SCLT is excited to partner on a first-of-its-kind study which explores the seasonal movements of mule deer in the Northern Bighorns.

Carrie Kyle, a graduate research assistant withe the Kauffman Lab in Wyoming Cooperative Fish & Wildlife Unit at the University of Wyoming, prepared the following study update based on information collected through December 2020.

Notably, the mule deer that occupy the Bighorn Mountains have never been studied with GPS collars, and thus their seasonal movements are largely undocumented.

This study will gather valuable information that can help stakeholders better understand mule deer seasonal ranges, habitat use and movement. Armed with this information, decisions can be made with public and private land managers to conserve and improve habitats and maintain connectivity. Potential outcomes include habitat improvements, guidance for forest planning, fence modifications, conservation easements and modifications to hunting season structure. This study could also help inform managers on potential transmission risks for Chronic Wasting Disease in this herd. Collared mule deer will also complement existing projects with collared moose and elk occurring in the same areas.

By collaring a total of 130 adult female mule deer that occupy the northern Bighorn Mountains our primary objectives are to:

1) Identify and delineate mule deer seasonal movements in the northern Bighorn Mountains. This will be accomplished by using GPS collars collecting locations every 2 hours over at least three years.
2) Evaluate seasonal range and habitat use. Spatial data from GPS collared deer will be used to identify seasonal ranges and habitat use/selection.
3) Identify habitat improvement and conservation opportunities. Identifying habitats important to mule deer will allow for better management on both public and private lands. And it will allow conservation of winter range and areas important to seasonal movement to be prioritized.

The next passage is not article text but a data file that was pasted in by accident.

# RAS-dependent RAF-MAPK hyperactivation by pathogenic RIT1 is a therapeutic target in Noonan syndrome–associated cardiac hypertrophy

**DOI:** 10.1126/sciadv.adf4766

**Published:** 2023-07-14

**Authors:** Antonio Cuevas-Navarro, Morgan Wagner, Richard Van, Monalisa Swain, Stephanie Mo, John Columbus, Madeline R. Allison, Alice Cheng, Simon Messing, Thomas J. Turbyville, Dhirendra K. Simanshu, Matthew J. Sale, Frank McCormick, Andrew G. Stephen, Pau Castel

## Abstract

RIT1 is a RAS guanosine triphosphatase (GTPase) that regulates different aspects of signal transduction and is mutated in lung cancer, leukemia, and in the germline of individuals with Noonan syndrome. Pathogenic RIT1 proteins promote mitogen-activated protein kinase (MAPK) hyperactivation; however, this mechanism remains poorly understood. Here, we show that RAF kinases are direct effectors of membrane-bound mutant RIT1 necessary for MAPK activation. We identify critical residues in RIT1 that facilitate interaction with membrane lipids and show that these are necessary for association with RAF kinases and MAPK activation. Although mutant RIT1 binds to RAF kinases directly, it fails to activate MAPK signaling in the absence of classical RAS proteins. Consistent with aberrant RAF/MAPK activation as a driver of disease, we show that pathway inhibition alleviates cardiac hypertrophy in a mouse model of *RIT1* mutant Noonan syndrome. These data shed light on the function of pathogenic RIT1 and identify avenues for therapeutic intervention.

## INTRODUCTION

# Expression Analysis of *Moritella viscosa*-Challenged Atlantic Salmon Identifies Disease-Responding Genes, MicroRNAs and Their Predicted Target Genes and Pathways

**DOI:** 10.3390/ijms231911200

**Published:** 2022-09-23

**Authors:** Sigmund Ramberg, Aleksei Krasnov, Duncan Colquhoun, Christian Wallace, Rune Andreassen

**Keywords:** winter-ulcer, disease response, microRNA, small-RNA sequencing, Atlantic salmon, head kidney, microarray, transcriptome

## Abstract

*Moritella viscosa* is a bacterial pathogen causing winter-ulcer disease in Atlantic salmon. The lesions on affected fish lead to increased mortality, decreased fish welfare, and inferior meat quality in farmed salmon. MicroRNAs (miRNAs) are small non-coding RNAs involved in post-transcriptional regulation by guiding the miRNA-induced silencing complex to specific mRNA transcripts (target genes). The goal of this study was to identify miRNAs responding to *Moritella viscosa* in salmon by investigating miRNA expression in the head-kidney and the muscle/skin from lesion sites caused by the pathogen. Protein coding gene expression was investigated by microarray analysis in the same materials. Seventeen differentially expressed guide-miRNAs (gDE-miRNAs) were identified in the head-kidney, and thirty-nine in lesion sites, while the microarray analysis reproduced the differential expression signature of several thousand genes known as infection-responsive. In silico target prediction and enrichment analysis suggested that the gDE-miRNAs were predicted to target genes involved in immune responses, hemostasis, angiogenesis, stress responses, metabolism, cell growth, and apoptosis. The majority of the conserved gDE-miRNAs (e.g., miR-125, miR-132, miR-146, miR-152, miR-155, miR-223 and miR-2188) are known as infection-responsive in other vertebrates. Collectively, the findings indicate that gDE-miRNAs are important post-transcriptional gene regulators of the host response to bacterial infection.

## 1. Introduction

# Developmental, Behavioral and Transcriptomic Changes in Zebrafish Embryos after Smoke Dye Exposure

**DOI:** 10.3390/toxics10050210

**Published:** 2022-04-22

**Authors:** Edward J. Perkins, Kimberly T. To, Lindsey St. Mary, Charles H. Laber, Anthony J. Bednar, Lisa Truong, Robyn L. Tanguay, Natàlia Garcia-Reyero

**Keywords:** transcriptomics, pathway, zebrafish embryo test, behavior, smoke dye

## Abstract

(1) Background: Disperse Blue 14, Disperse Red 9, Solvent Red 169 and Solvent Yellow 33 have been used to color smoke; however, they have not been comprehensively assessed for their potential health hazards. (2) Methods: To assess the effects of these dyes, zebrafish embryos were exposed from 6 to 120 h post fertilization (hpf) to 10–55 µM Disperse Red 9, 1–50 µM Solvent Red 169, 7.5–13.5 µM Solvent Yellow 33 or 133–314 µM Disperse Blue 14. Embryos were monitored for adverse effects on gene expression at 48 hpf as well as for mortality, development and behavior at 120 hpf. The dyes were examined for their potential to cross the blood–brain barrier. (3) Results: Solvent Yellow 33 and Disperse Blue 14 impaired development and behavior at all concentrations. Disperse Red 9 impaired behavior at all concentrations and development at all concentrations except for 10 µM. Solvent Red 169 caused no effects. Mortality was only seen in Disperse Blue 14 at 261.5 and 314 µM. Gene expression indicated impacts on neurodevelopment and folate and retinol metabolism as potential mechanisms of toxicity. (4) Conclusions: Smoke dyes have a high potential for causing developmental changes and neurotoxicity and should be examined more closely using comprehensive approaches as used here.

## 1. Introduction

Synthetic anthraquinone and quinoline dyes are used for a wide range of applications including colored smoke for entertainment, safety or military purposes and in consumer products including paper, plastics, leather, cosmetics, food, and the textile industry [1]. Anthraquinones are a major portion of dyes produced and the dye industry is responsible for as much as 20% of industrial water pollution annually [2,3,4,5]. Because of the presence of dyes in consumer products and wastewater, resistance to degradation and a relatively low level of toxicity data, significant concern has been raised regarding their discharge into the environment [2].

4) Document vital rates for northern Bighorn mule deer herd. We will document fawn production and 3-6 month old fawn survival, primarily through relocation of collared females and visual observations. We will also attempt to identify limiting factors for production and survival.


December 13, 2020, marked the third round of captures for the study, where we captured and collared an additional 39 mule deer does on winter ranges. All helicopter net-gunning captures were conducted via field processing by Native Range Capture Services. Female mule deer were fitted with a Telonics RECON-4560-4 Globalstar satellite GPS collar. The collars are programmed to collect a GPS location every 2 hours and transmit 1-2 locations via satellite daily. The battery capacity of these collars is approximately 3.5 years. All collars are scheduled to drop off in March 2023, three years after the first capture event.

The collars emit a very high frequency (VHF) signal, which will allow ground technicians to locate dropped collars and retrieve the stored data.
During field processing, temperatures were recorded to monitor overheating. We collected blood samples (~20 mL) to provide the Wyoming Game and Fish veterinary lab samples to screen for disease and genetic testing. We also collected fecal samples (~15-20 pellets) for nutritional analysis.

Nearly 95% of the deer captured on summer ranges in August 2020 moved to winter ranges on the west side of the study area. To bolster our sample size of deer wintering on the east side and to obtain a sample size goal of 130, we caught an additional 39 adult female mule deer on winter ranges east of the Bighorn Mountains near Dayton, WY (Figure 1).

We currently have 116 active collars. All collars are successfully transmitting locations. Please see Figure 2 for the latest movements of the collared mule deer from the latest capture event.

We are hoping the newly collared deer will add to our limited sample of migratory deer on the east side of the mountain. Not including the newest captures, we have 67 migrants on the west side and four migrants on the east side of the mountain. Movements from all deployed collars, including redeployments after mortalities (n=126) can be seen below in Figure 3.

We thank the following funders and collaborators for making the Northern Bighorn Mountains Mule Deer Project possible: Wyoming Game and Fish Department, Knobloch Family Foundation, The Nature Conservancy, Sheridan Community Land Trust, Wyoming Wildlife and Natural Resource Trust, Wyoming Big Game License Coalition, Mule Deer Foundation, Bow Hunters of Wyoming, Muley Fanatics Foundation, US Forest Service and the Bureau of Land Management.